There are a number of very good Indian Head cents that seem to get little attention. The 1869 certainly qualifies as one of these. It actually qualifies twice as in addition to the regular 1869 there is also an 1869 “9” over “9” coin. Both are probably far tougher than many believe.
There are a lot of factors to consider with the 1869. The first is the time and the mintage. The country was still pulling itself out of the problems created by the Civil War. Moreover, the econony was not as strong as some might have wanted. Over time it would even get worse. To make a long story shorter, it was not a perfect time to collect coins.
The mintage of the 1869 was 6.420,000. It might have been an early sign of pending economic woes as that total was actually lower than any small cent in history up to that time. There would be lower mintages in the years that followed, but the 1869 total at the time of issue had to be seen as low.
Even with its low mintage at the time, the 1869 has never had much of a reputation for being a better date Indian Head cent. In some respects that’s unfair as it is better, but it seems to be permanently in the shadows cast by the dates that followed. In the case of the 1877, it is not just the 1869 in its shadow but so the lower mintage 1909-S.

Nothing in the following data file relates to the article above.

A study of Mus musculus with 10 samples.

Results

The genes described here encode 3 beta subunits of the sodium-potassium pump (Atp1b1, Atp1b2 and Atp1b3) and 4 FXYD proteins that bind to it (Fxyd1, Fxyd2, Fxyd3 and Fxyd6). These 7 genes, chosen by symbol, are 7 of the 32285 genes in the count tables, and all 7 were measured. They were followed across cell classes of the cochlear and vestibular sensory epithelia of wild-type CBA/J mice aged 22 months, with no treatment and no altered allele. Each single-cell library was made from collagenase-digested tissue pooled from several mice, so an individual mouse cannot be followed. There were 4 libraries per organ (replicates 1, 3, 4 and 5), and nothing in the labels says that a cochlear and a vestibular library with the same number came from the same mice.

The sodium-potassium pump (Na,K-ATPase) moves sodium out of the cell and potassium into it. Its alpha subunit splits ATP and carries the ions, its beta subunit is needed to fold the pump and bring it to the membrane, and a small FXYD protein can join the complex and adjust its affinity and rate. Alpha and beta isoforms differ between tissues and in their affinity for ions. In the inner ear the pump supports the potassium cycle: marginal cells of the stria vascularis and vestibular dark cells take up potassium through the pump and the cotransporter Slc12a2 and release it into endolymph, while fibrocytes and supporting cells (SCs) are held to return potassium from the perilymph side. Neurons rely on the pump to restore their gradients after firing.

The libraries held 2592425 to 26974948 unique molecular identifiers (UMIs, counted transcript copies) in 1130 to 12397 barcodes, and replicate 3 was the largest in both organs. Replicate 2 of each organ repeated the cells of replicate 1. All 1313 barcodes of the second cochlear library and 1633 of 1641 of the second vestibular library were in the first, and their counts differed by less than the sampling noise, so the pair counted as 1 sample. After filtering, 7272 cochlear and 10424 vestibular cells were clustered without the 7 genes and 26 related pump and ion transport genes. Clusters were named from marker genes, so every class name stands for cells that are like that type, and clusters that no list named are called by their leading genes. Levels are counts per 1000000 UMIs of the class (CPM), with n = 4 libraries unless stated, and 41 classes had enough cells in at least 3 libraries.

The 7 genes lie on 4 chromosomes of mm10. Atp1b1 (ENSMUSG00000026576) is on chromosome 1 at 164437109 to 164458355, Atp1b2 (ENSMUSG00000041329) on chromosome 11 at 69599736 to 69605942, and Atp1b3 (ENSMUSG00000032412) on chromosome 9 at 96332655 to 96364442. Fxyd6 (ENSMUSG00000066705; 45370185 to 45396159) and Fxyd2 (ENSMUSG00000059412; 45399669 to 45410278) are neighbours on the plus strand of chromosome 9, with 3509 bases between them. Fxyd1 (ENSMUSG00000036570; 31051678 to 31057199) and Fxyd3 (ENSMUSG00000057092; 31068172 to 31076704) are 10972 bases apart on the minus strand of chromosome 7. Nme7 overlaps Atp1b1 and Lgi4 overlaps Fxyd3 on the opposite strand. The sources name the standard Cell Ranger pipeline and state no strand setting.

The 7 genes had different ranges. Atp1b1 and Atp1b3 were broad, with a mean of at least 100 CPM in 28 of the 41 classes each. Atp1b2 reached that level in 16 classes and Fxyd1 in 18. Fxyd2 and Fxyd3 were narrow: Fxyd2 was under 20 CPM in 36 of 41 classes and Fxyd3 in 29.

The 1872 Indian Head cent has a well deserved reputation as a very tough coin in MS-65 and it is really the darling of the specialists. The 1871 is better, too, and may well be close to the 1872 in terms of small numbers of MS-65 coins.
It is also worth noting that the 1871 and 1872 had lower mintages than the 1869. The market is less impressed by mintages. In G-4 the 1869 is $90 while the 1871 is $88 and the 1872 is $110. In comparison, the 1877 is $985.
In MS-65, the 1869 is $1,750, the 1871 is $2,400 and the 1872 is $3,850. The 1877 is $13,000.
What is interesting about the MS-65 situation is that the 1869 is not significantly more available than the others. Some grading service totals indicate it is less available.
Whatever the actual relationship between the 1869 and other tough dates, the fact remains it is elusive in top grades. In MS-65 and Numismatic Guaranty Corporation has seen 144. At the Professional Coin Grading Service the number is 111.
The 1869/9 is tougher than the regular 1869. It is $190 in G-4 and $$2,350 in MS-65. Lower grading service numbers support this differentiation.
If you want a Proof-65 1869, they are available at a price of $3,100, which might be a bit unusual in that the odds were higher that at the time of issue collectors would have saved the proof over the uncirculated coins. This habit of collecting just the proofs was easy to justify as it was only at Philadelphia that cents were made.
The fact that the proof price is higher than the Mint State price is also a change in the market. Not too many years ago the proof sold for less.
Whatever grade of 1869 cent you pick for your collection, you can be sure you are getting a coin that is probably scarcer than is being perceived.